Going through a divorce can be an overwhelming experience in some cases. In those circumstances, the last thing a person may want is for the process to be drawn out longer than necessary. One of the ways in which the divorce process can be prolonged is if one spouse decides to file for bankruptcy in the middle of a divorce. Depending on the case, the filing for bankruptcy and divorce in California can complicate matters relating to the division of property.

Considerations when Filing Bankruptcy and Divorce in California

When you file for bankruptcy, all matters relating to your property and debts are frozen or halted until the bankruptcy case ends; this includes property division in a divorce. California is a community property state. This means that any property acquired during the marriage is divided equally between the spouses when they divorce. This does not necessarily apply in cases involving prenuptial agreements, though.

Filing for bankruptcy creates a bankruptcy estate that includes various kinds of property, including community property. Debts owed by the person filing for bankruptcy are paid from this bankruptcy estate before the bankruptcy can be finalized. Therefore, before the divorce judge can decide property division in the divorce case, the bankruptcy court has to finish dealing with the property. This can cause a delay in the divorce process.

Filing for Bankruptcy BEFORE You File for Divorce

If you and your spouse have a lot of debt, and are in agreement about filing for bankruptcy, you should consider consulting an attorney about filing for bankruptcy jointly before you file for divorce. Just as community property is divided among the divorcing parties equally, so is the marital or community debt. In bankruptcy, the debts are discharged only for the person filing for bankruptcy. If the debts were jointly owned, this may leave the other debtor open to collection efforts from the creditors even after the other person has the debt discharged in bankruptcy. This is another reason for you to consult an attorney to decide if you should file bankruptcy jointly, to avoid the possibility of being left responsible for discharged debt after your former spouse files for bankruptcy.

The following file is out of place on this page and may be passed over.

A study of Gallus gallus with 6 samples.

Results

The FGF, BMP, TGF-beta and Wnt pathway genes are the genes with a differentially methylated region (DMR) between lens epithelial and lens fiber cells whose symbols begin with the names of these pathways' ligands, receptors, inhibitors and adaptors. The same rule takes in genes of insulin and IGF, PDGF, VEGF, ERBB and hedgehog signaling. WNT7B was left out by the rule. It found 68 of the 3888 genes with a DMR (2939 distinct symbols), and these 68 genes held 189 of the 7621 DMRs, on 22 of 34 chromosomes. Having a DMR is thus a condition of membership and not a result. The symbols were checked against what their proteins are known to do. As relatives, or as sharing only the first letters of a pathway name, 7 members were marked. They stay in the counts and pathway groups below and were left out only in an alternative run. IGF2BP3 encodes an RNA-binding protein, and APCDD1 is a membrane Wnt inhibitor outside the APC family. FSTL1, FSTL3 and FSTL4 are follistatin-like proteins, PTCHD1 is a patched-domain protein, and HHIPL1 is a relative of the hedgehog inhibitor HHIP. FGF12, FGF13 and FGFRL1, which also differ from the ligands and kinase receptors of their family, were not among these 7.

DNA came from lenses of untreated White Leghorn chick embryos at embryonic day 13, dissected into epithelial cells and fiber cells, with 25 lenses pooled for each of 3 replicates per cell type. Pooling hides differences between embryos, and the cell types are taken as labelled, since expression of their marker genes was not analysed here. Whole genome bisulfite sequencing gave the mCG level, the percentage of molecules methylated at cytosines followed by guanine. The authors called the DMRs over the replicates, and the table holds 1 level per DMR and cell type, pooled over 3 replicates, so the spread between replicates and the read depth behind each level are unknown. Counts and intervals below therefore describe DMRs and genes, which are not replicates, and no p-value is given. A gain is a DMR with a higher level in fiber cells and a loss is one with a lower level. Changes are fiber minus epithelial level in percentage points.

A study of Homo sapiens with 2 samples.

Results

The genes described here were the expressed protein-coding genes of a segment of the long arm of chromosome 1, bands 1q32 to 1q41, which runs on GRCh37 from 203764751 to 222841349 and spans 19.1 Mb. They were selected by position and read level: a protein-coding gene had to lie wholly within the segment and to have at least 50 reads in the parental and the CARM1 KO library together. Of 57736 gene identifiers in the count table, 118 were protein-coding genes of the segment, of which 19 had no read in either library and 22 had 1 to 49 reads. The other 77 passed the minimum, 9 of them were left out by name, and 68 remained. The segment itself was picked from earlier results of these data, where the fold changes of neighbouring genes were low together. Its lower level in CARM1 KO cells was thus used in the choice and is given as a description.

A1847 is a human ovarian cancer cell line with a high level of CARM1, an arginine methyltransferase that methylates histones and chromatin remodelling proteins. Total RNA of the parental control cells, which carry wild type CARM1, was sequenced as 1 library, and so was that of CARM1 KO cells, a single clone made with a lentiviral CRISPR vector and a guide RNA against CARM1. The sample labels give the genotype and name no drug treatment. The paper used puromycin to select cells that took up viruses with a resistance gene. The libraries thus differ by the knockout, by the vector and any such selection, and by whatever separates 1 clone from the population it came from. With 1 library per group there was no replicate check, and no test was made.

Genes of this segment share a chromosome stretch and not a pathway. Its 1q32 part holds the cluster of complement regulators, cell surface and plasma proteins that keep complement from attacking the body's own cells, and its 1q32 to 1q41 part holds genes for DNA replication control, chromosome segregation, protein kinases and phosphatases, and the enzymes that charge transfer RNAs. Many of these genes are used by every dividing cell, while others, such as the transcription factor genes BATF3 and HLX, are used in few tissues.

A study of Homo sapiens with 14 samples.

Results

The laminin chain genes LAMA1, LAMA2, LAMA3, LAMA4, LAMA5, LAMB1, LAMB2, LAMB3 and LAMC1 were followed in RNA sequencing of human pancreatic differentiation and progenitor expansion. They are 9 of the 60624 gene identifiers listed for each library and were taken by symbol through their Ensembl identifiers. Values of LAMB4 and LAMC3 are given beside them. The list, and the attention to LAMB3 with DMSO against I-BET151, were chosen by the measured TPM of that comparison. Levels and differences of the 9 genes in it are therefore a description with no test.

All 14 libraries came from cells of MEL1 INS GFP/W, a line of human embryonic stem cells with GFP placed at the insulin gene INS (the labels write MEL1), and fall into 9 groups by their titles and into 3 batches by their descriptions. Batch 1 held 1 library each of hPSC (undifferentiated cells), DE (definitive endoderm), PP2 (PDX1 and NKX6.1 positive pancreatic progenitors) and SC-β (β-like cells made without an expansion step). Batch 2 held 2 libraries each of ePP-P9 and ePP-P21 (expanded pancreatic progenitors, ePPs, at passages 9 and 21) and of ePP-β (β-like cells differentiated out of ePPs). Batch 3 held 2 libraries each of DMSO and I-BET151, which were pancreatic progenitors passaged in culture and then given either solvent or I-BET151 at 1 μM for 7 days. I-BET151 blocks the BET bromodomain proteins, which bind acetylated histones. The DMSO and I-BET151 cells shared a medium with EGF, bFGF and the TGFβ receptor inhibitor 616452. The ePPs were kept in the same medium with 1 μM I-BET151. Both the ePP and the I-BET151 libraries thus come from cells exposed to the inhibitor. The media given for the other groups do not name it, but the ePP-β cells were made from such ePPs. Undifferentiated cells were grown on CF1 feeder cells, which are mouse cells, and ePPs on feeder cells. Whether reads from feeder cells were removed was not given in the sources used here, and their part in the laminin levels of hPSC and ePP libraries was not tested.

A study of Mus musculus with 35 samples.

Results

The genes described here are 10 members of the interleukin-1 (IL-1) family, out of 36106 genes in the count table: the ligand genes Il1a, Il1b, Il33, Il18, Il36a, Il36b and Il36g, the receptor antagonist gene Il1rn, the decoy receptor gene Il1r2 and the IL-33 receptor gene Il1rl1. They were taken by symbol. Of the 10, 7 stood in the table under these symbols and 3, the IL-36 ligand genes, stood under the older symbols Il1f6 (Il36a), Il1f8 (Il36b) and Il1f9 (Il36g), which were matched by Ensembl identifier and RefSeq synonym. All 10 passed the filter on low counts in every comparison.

Child Support and Spousal Support Not Affected

Bankruptcy does not affect child support or child custody and visitation, and a court will still order child support when appropriate regardless of a bankruptcy filing, or a declaration that one spouse is bankrupt. In addition, if a court has already ordered child support or spousal support payments, you cannot avoid payment by claiming bankruptcy. Child support payments are not dischargeable under either Chapter 7 bankruptcy or Chapter 13 bankruptcy. Other debts that arise following a divorce, characterized as non-support payments, may be discharged in bankruptcy, depending on the nature of the payments.

Filing For Bankruptcy and Divorce in California

In most cases where you have no complicated property or child custody issues, you can file for divorce yourself, without the use of an attorney. Similarly, you can file for bankruptcy without an attorney. Unfortunately our office no longer offers bankruptcy document preparation services, however, if you are in the California Central District, the court offers a free online bankruptcy document preparation service which you may want to check out. We can help you with the divorce paperwork at a low cost!